In Blackwood, Lexington author Gwenda Bond has found a winning combination by matching the mystery of the Lost Colony of Roanoke Island with a geeky teen duo on a mission.
Blackwood (Strange Chemistry, $9.99 in paperback), Bond's first novel, came out Tuesday and the early online buzz was good. She will sign the book at The Morris Book Shop in Lexington on Saturday.
The young-adult novel, Bond said, sprang from "this momentary flash of an idea" while on a road trip with her husband, author Christopher Rowe. The idea? Incorporate the legend of the Lost Colony of Roanoke Island, in what is now coastal North Carolina, into a contemporary novel for teens.
For the unfamiliar, Roanoke Island was home 400 years ago to a burgeoning settlement of 114 souls who emigrated from England. When a supply ship returned from Britain after a two-year journey, all the settlers and their houses were gone. All that was left was a perimeter fence with the word Croatoan carved in the wood. Many people today know the story because it is a popular outdoor drama that has been staged annually for 75 years in Manteo, N.C.
In Bond's novel, set in modern times, the Lost Colony is just a stage play. But when 114 citizens disappear, two teens — "Miranda, a misfit girl from the island's most infamous family," as the publisher notes, "and Phillips, an exiled teen criminal who hears the voices of the dead" — must solve the mystery.
"I knew it was a good idea," Bond said. "I wrote 50 pages of it, and I had not a clue of how I was going to solve the mystery."
She actually let Blackwood rest as she wrote two other novels that "didn't sell but got me a good agent."
All the while, she was working full-time as assistant communications director for the Kentucky Cabinet for Health and Family Services. Bond, 36, who grew up in Jackson County, has worked in Frankfort since graduating from Eastern Kentucky University in 1999. She went on to get a master's of fine arts degree from Vermont College of Fine Arts, known for producing quality young-adult, or YA, authors.
While working on Blackwood, Bond made a habit of waking early to write a few hours in the morning and sometimes schlepped her laptop to the capital to work on her novels during lunch.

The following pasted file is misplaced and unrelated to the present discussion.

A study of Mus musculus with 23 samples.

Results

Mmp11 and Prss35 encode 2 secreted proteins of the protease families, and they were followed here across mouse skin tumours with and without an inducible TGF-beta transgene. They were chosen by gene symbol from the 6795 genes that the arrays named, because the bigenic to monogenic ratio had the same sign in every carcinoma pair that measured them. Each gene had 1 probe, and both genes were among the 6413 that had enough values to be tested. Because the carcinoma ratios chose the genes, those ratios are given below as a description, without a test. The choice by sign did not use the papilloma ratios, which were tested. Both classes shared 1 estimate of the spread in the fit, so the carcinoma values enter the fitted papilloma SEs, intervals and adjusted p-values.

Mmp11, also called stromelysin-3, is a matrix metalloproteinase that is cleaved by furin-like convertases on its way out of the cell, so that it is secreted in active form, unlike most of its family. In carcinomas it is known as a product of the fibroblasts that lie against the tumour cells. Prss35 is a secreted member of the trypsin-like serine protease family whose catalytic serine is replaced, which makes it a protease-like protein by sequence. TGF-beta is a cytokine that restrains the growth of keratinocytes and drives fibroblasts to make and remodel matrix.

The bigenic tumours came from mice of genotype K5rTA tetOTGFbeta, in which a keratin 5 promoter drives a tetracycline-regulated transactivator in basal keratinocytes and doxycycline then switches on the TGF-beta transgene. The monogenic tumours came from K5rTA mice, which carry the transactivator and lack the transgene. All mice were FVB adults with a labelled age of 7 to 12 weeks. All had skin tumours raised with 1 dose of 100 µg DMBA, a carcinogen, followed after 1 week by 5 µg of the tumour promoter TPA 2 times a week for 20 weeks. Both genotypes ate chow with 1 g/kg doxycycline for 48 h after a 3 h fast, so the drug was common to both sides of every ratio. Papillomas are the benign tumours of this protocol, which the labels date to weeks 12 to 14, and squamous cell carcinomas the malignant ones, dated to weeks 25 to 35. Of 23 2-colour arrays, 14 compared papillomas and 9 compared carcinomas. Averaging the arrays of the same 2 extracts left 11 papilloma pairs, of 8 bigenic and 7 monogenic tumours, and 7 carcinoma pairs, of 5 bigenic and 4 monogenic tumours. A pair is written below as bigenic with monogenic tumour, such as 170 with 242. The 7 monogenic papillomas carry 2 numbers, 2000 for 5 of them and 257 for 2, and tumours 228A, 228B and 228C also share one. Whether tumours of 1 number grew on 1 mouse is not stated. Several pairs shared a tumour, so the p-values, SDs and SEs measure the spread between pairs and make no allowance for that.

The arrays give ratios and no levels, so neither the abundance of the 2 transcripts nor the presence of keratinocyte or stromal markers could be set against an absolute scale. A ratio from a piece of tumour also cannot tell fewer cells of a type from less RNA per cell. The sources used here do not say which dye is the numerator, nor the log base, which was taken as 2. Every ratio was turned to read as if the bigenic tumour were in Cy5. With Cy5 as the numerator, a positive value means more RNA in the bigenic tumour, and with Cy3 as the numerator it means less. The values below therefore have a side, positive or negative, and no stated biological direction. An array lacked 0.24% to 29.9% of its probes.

It's time she considers well spent.
"It's really cool to work so hard for something," she said. "So far it really has been a great experience."
Bond, a self-proclaimed "huge nerd," said she was drawn to the young-adult genre because of the effect literature has on the young people. She said she wanted her teen characters to be a little bit geeky and a little on the outside because so many teens could relate.
Some authors stay away from current pop culture references for fear it can date a story, but Bond infuses her character's favorite bands and TV shows into the narrative because she thinks it makes them that much more relatable.
"The best young-adult literature is for all ages," she said, citing recent young-adult blockbusters like Suzanne Collins' Hunger Games trilogy. "I feel like the overlap between literary writing and an exciting kind of commercial stories is stronger in YA."
Bond's second novel, The Woken Gods, an adventure/mystery set in a futuristic Washington, is scheduled for release next year.
Bond says she's not planning to quit her day job any time soon — "I really can't talk about it," she said — but there has been some interest in Blackwood from Hollywood.
In the meantime, her biggest thrill is connecting with young readers who relate to her story. She remembers how much her favorite books meant to her as a teen.
"It's kind of an amazing feeling," she said.